Wuyuan: On the flower trail

yancun morning1Wuyuan in spring and in the thick of the canola blooming season is packed with tourists who chase the flower trail. The well-known villages of Little Likeng, Jiangwan, Xiaoqi etc are flooded with visitors at this time of the year. We didn’t want to do the conga with everyone else and so we headed for the villages which were not quite on the tourist radar yet. Not too difficult to do since the county is quite big and the villages are quite spread out. In fact, the same scenic beauty spreads beyond Wuyuan across the border to Anhui province as well. With wheels and a driver, it was a beautiful day out exploring the path less taken but equally beautiful.



The day before, we had asked the Skywells team for suggestions on where to go. Pretty much on the same wavelength, Ed suggested places where the footfall was less busy but his in-laws chimed in to say that we must not miss the following places – Huangling and the flower terraces of Jiangling. This, they insisted, was what defined Wuyuan’s beauty in spring. Truth be told in my pre-trip research, both these places popped up – Huangling for its almost Italian hilltown vibe and Jiangling for the canola terraces that seem to stretch into the distance. I wanted both but I also wanted to explore places that were less discovered.

Our driver, the affable Mr Yu, a baby-faced young man driving a bumpy Toyota christened with a Fast and Furious sticker helped us compromise. We would skip Jiangling, but visit Huangling, our concession to the touristy ‘must-see’ by Ed’s Chinese parents-in-law’s yardstick and also see another village that was quieter.

Getting to Huangling was a bit complex. We had to park in a public carpark then hop on a shuttle bus which will take us to the cable car station. Mind you, there are two cable car stations. That alone should tell you how commercial Huangling has become. En route, I even spied a helicopter parked by the road, its pilot waiting patiently for business.

We took the newer cable car up. From its exit, we had to cross a new bridge over the valley, then walk a bit uphill to Huangling, the actual village.

Yes the selfie stick brigade was out in full force. But I don’t blame them and I was glad I at least got to see this:


As far as the eye could see, spread across the valley are stepped terraces of yellow canola. Truly breathtaking. We didn’t need to go to Jiangling to see the canola terraces. They were right here at Huangling.

There were two bridges. We took the upper suspension bridge which had a murky glass centre at one point – not scary compared to the swaying that was going on. The wind was strong and the bridge was crowded and not a few times doubt assailed about whether the bridge could hold all of us. Between stopping to marvel at the view and gripping the handrail when the swaying got a bit much, we got across in one piece.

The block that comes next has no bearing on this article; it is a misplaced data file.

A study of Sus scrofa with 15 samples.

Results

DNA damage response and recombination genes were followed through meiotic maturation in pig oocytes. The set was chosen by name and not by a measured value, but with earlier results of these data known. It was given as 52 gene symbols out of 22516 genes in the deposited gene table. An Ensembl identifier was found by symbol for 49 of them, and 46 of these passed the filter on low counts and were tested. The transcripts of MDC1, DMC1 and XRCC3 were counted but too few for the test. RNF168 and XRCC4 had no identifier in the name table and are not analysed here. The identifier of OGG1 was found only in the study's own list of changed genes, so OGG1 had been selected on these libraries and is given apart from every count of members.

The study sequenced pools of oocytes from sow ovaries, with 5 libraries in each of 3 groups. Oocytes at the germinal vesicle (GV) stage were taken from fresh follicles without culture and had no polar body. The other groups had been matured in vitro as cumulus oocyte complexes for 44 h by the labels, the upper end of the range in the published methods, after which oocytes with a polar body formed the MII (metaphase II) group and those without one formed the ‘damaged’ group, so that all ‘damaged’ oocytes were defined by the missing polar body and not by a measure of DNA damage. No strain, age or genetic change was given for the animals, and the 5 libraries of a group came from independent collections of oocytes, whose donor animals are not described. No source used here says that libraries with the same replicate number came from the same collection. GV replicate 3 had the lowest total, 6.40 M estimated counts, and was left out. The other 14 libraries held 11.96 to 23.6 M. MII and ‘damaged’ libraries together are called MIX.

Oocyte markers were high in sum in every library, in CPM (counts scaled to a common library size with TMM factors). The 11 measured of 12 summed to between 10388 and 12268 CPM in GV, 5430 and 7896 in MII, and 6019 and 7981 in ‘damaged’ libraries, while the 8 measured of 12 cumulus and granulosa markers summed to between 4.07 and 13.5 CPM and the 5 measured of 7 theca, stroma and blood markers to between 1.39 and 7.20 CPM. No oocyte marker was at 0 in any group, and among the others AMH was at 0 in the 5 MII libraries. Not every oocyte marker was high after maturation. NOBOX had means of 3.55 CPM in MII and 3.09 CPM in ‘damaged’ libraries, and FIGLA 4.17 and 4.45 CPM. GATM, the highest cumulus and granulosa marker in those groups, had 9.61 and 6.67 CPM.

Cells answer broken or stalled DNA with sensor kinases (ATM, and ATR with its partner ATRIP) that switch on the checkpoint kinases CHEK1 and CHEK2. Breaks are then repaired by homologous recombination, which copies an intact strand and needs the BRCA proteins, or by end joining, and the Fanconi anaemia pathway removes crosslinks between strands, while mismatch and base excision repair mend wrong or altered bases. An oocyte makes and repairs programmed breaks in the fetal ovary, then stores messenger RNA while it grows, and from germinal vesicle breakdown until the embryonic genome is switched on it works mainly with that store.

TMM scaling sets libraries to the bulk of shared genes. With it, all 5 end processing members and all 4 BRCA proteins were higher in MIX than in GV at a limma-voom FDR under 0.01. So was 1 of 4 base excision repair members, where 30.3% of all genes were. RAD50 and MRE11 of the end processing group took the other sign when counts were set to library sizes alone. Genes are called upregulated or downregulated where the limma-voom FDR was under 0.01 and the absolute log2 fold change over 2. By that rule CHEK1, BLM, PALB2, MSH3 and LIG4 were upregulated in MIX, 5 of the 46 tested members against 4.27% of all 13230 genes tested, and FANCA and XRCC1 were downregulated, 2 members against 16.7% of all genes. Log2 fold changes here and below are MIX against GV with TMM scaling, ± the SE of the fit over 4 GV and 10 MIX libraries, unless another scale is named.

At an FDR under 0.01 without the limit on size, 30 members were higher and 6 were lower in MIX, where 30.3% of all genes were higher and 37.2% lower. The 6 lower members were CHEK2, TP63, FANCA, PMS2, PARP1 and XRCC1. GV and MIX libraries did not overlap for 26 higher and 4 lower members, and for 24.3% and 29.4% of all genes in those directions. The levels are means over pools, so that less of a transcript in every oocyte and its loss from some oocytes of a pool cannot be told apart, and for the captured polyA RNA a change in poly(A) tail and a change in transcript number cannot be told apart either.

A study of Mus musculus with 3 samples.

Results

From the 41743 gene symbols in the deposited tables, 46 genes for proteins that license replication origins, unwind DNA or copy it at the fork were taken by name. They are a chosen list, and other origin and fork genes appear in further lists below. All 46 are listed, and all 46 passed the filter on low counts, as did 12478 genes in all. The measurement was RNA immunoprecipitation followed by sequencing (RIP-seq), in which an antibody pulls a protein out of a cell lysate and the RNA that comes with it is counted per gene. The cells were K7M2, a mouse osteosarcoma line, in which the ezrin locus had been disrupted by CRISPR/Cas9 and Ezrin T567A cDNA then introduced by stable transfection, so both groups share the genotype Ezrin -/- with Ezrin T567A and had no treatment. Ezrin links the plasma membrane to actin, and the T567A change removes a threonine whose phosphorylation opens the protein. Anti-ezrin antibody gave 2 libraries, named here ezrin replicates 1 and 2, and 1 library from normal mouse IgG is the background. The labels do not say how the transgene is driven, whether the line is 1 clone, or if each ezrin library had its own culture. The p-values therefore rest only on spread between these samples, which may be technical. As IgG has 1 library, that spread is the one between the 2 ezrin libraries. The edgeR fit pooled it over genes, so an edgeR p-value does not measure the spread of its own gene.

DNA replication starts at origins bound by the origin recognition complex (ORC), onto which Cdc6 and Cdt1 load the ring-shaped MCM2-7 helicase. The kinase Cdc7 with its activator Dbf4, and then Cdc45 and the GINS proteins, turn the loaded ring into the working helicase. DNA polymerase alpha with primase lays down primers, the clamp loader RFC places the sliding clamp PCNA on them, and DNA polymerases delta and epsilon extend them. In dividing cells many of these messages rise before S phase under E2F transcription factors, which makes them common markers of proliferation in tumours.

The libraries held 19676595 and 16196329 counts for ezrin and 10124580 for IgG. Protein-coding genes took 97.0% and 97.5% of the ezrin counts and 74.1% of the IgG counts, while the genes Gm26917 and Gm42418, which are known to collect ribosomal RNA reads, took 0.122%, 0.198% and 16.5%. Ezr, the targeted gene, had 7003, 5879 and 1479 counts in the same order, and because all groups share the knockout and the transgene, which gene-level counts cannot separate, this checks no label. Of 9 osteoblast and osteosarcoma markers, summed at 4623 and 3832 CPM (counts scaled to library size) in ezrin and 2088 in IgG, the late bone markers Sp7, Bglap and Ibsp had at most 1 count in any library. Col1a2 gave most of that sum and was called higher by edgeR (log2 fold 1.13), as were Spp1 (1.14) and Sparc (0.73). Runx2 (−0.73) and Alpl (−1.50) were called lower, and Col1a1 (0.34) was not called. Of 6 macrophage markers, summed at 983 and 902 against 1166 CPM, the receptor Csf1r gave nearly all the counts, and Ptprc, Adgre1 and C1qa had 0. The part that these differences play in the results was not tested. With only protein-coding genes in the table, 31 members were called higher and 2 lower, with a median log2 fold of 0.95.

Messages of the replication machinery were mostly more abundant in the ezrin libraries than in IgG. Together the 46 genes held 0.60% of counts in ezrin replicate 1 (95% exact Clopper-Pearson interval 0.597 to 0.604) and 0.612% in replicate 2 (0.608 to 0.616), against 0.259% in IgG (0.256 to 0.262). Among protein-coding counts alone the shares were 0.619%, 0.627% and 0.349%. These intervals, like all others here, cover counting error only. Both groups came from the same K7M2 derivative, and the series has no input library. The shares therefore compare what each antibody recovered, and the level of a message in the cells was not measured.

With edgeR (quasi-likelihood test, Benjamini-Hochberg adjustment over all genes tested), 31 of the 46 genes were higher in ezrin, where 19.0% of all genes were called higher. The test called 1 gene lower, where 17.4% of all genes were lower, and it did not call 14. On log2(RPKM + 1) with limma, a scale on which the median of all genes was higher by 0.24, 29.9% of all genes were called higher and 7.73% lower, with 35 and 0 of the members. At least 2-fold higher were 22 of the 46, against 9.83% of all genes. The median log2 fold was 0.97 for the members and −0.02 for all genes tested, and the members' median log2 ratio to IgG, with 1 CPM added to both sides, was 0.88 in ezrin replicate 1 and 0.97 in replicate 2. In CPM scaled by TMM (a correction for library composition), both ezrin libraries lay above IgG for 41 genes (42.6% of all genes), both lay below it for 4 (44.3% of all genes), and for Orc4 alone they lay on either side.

There was a flying fox ride running parallel to the bridge below us and given time, I would have loved to walk the terraces and taken a ride on the flying fox.

Huangling was packed. It’s beauty was not so much in the canola terraces around it, but the village itself, hugging a hillside and giving off a bit of the same vibe from hilltowns in Italy and France.




Net result – is Huangling picturesque? Yes. Worth a visit? Hmm perhaps. But know that it is no longer an authentic working, living, breathing village but a village repurposed for tourism dollars. Can only happen in a place like China where big business buys out residents wholesale and converts an entire town/village into an instant theme park. Huangling is not the first and certainly won’t be the last. Wuzhen is another example. Should I marvel or cry at their sheer chutzpah to do this?

Our next stop couldn’t be more different from Huangling.


edited - 40Follow the river and it will lead you out to the fields of canola. Lining the river are humble restaurants, grocery stores, open doors to someone’s kitchen, hanging laundry. Residents went about their day. The houses were old, not spruced up and some looked worse for wear but it was certainly lived in. Sure, there were occasional stands which sold souvenirs but it wasn’t a lucrative money-spinner judging from the size of the crowd at the village.

edited - 41Qingyuan gave off the peaceful vibes of a working class community in this tiny village, so far from the madding crowds of the other showy towns on the flower trail. It was not easy to get to and probably one reason why the hordes have not found their way here is because there is only one road in and out which is too narrow and steep for the big tour buses to access. Lucky for us, but if I were a Qingyuan resident, I might wish otherwise.